Ken Robinson, author of Out of Our Minds: Learning to Be Creative and a powerful speaker, has some provocative thoughts on the systemic troubles in education. Here are a few excerpts from his recent talk at the TED conference.
-- "All kids have tremendous talents, and we squander them pretty ruthlessly."
-- "Creativity, now, is as important in education as literacy, and we should treat it with the same status."
-- "Kids will take a chance...By the time they get to be adults, most kids have lost that capacity. They have become frightened of being wrong. [We stigmatize mistakes.] We're now running national education systems where mistakes are the worst thing you can make. The result is that we are educating people out of their creative capacities. Picasso once said that all people are born artists, and the probems is to remain an artist as we grow up. I believe this passionately, that we don't grow into creativity, we grow out of it, or rather we get educated out of it."
-- "Our education system is predicated on the idea of academic ability. The whole system was invented around the world to meet the needs of industrialism...So you were steered benignly away from things at school when you were a kid, things you liked, on the grounds that you would never get a job doing that. Isn't that right? Don't do music, you're not going to be a musician. Don't do art, you're not going to be an artist. Benign advice -- now profoundly mistaken."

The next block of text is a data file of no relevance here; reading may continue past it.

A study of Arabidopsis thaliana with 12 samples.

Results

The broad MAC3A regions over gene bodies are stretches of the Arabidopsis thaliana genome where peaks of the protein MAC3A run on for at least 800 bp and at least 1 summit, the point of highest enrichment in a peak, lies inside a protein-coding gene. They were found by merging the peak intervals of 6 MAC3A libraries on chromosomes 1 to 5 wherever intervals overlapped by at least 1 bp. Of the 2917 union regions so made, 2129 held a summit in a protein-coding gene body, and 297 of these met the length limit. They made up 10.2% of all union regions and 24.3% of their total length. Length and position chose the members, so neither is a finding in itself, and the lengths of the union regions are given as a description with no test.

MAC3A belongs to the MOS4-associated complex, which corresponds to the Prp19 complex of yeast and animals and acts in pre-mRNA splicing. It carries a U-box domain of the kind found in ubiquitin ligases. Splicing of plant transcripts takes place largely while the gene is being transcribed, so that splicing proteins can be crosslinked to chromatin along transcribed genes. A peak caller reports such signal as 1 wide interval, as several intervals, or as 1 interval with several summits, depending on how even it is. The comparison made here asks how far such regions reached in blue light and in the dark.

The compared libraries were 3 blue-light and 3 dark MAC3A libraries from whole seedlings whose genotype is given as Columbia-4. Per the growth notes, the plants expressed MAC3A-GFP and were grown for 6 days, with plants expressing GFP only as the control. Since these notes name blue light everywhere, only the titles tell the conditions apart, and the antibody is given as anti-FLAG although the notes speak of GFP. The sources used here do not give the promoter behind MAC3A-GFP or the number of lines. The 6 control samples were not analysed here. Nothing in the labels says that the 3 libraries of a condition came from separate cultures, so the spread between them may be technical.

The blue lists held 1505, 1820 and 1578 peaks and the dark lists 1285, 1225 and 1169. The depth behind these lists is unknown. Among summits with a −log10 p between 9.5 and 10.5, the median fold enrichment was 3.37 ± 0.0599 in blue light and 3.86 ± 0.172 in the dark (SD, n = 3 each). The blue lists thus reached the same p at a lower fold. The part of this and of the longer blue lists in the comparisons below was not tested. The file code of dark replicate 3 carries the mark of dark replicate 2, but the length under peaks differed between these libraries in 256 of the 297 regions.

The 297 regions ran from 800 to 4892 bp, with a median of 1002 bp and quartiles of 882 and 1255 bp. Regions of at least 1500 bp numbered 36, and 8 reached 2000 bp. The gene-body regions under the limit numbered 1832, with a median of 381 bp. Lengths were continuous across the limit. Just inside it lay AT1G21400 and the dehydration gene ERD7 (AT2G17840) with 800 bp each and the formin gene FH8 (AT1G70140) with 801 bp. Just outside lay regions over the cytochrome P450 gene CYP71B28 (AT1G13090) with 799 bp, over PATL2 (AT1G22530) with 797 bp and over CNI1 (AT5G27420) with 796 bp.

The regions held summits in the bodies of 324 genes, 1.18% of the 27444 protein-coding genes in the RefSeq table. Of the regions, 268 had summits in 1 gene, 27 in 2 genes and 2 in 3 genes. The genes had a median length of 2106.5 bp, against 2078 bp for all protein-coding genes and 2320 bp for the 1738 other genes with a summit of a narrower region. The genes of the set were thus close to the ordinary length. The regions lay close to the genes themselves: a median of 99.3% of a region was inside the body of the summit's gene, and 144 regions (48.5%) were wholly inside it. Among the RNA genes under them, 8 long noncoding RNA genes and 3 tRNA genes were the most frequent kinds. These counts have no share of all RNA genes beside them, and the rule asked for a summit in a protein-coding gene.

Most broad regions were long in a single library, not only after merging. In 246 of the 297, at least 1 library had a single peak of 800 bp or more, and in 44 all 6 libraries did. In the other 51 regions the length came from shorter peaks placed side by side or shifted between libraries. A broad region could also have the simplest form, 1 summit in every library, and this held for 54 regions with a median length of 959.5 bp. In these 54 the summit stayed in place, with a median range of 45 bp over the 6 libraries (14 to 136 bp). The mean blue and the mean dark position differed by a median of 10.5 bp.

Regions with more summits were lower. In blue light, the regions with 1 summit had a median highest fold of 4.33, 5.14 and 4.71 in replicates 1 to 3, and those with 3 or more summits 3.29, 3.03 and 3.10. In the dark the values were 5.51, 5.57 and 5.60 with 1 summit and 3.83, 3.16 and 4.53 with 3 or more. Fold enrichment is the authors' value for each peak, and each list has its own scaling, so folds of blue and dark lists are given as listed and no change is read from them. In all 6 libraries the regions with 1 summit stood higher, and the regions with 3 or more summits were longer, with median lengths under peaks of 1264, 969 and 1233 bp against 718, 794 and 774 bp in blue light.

-- "Academic ability [has] come to dominate our view of intelligence, because the universities designed the system in their image. If you think of it, the whole system of the public education around the world is a protracted process of university entrance. And the consequence is that many highly talented, brilliant, creative people think they're not, because the thing they were good at at school wasn't valued or was actually stigmatized. We can't afford to go on that way."
-- "We need to radically rethink our view of intelligence...Intelligence is diverse. We think about the world in all the ways we experience it. We think visually, we think in sound, we think aesthetically, we think in abstract terms, we think in movement."
[Thanks to my great voice coach Jocelyn Rasmussen for alerting me to Robinson's work.]